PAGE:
I was surprised to see that Kristin Luker mentions historians in her book, Salsa Dancing into the Social Sciences (18, 25). I have been wondering, in an amateur way, how research methods from the social sciences may be applied to historical social life. For those who are interested in contemporary social life, which is unfolding today, my curiosity may seem pointless. Consider, though, that contemporary social life is often historical already, encountered just after the fact. Consider, as well, that contemporary social life could be an image or performance of a reality that no longer exists. (Think of someone who, for example, goes to a social event that is boring or unpleasant because he or she did so in the past.) We are always slightly downstream, so to speak, from the "contemporary." When we study social life, we are studying history.
The consequences of being downstream may be minor, particularly in the case of ethnography. Yet many of our research methods involve memory. Interviews, focus groups, and questionnaires depend on the memories of our subjects: historical circumstances, events, relationships, and feelings. Are memories of recent events more reliable than memories of old events? How do we weight the difference, if there is one, between the memory of last week and the memory of last year? To complicate matters further, if we're interested in the distant past, then many people whom we may wish to interview are dead. If we want to compare the present to the distant past, then there's a good chance that our research methods are going to look like apples and oranges. Should we, in that case, restrict our study of the present to methods that can be used to study the past?
Of course, dead people leave traces. We can examine census data, insurance maps, letters, business records, and ephemera by means of text or discourse analysis. We could also use quantitative methods. But historical records, or "life documents" in Luker (25), represent only a fraction of social life, and the records that remain often survive for reasons that have nothing to do with objective record-keeping. They survive for political reasons, institutional reasons, personal reasons, and accidental reasons. Those reasons can change over time. Moreover, the history of books shows us that many records change over time: words are altered, sections are added or deleted, translations are made, and so on. Finally, those who have studied literature are familiar with the 'unreliable narrator' whose performance of a narrative hides as much as it reveals. The problems of historical documents are analogous to the gap between researchers and subjects that plagues surveys (43). Does our 'reading' of a document match that of its creator? Does a document really answer the questions that we ask?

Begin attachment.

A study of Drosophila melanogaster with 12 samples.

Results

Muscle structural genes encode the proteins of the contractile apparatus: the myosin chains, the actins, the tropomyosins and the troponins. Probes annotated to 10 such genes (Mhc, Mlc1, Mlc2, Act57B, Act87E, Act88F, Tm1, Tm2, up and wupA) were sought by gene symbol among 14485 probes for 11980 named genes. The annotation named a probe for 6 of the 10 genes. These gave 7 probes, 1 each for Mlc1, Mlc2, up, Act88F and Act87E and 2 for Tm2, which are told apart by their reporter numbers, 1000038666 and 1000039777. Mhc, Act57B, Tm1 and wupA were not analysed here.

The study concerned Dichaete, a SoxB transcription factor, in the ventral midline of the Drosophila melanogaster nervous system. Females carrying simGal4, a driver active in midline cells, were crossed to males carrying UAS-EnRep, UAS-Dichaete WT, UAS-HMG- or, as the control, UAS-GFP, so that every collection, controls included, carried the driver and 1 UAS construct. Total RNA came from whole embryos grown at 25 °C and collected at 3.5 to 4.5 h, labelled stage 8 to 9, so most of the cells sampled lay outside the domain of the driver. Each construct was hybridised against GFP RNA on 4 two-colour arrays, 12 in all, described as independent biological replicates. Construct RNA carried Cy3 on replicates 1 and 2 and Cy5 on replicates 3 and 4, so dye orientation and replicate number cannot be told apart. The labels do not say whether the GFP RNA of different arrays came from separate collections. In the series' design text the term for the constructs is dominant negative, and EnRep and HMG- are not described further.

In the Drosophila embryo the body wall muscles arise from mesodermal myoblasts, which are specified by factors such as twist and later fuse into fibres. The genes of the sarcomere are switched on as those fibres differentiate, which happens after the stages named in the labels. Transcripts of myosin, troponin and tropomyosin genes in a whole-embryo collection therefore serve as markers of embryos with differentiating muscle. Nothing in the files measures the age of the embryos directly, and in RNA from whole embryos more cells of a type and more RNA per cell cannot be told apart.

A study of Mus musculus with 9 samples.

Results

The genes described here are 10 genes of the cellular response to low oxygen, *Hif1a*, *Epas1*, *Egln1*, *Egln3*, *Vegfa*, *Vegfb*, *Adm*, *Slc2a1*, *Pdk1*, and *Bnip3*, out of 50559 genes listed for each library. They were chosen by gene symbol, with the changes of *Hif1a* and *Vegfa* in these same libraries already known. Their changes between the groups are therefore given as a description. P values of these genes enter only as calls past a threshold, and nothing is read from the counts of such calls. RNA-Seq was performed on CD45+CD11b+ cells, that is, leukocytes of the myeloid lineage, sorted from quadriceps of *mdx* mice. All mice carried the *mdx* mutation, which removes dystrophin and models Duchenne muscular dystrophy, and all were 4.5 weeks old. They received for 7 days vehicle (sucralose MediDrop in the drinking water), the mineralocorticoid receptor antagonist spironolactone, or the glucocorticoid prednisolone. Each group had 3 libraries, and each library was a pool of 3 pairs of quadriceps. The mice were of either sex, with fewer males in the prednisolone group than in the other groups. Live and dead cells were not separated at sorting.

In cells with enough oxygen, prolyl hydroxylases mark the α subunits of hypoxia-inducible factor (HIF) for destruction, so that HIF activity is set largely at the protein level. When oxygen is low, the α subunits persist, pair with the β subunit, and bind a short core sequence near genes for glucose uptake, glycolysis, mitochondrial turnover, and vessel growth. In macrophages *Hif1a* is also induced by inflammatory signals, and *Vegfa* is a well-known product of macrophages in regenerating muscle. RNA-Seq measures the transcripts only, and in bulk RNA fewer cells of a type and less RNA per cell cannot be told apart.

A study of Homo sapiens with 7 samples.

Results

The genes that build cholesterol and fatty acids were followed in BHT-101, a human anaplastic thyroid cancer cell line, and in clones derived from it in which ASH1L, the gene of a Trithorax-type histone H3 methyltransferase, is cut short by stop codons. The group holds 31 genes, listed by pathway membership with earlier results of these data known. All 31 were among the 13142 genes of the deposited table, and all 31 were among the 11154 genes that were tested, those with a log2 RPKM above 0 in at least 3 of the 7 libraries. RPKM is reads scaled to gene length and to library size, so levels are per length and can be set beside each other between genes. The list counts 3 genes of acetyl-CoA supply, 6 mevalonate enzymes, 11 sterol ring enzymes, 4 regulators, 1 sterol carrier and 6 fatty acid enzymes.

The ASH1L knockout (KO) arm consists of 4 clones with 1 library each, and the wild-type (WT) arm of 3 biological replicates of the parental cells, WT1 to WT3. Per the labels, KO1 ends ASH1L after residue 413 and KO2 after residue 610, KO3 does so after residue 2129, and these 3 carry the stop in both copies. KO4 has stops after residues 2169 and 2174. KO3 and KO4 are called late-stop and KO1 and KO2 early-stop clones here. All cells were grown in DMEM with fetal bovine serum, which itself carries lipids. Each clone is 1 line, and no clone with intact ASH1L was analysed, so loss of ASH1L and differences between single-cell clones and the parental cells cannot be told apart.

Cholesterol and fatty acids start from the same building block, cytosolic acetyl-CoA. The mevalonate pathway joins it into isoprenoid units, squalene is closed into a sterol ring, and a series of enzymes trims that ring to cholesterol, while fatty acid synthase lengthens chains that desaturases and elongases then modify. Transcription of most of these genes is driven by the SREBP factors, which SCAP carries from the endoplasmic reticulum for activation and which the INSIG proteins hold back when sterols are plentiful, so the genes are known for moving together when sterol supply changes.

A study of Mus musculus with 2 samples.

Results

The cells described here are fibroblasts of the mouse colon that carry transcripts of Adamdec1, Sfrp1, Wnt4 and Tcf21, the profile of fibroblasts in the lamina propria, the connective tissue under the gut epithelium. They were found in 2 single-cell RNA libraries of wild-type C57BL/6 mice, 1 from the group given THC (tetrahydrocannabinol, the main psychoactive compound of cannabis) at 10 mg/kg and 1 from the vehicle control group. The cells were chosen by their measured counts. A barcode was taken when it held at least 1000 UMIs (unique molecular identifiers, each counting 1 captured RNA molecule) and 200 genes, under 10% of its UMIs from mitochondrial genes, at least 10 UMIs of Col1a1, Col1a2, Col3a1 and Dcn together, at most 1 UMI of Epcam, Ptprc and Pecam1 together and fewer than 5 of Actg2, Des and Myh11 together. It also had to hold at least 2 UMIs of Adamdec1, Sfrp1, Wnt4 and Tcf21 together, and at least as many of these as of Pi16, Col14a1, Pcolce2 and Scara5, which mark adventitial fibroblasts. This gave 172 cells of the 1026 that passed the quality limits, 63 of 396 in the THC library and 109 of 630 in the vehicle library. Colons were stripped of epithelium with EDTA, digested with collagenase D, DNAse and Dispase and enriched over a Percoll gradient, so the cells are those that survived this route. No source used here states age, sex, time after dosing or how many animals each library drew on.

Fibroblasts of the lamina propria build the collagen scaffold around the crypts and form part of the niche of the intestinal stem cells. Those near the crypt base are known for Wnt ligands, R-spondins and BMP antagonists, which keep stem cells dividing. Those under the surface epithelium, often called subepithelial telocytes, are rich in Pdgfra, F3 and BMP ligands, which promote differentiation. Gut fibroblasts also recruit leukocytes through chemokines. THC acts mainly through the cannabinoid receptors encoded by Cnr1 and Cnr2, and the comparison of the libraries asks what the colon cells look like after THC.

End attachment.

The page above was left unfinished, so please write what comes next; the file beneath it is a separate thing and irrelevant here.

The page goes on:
Can we use social science methods to study historical social life? To a certain extent, we have no choice. The cost is that our methods may seem excessively rhetorical and our generalizations excessively presumptuous. At the same time, it seems important to remember that the problems associated with historical research, problems of memory and documentation, are not just problems for historians.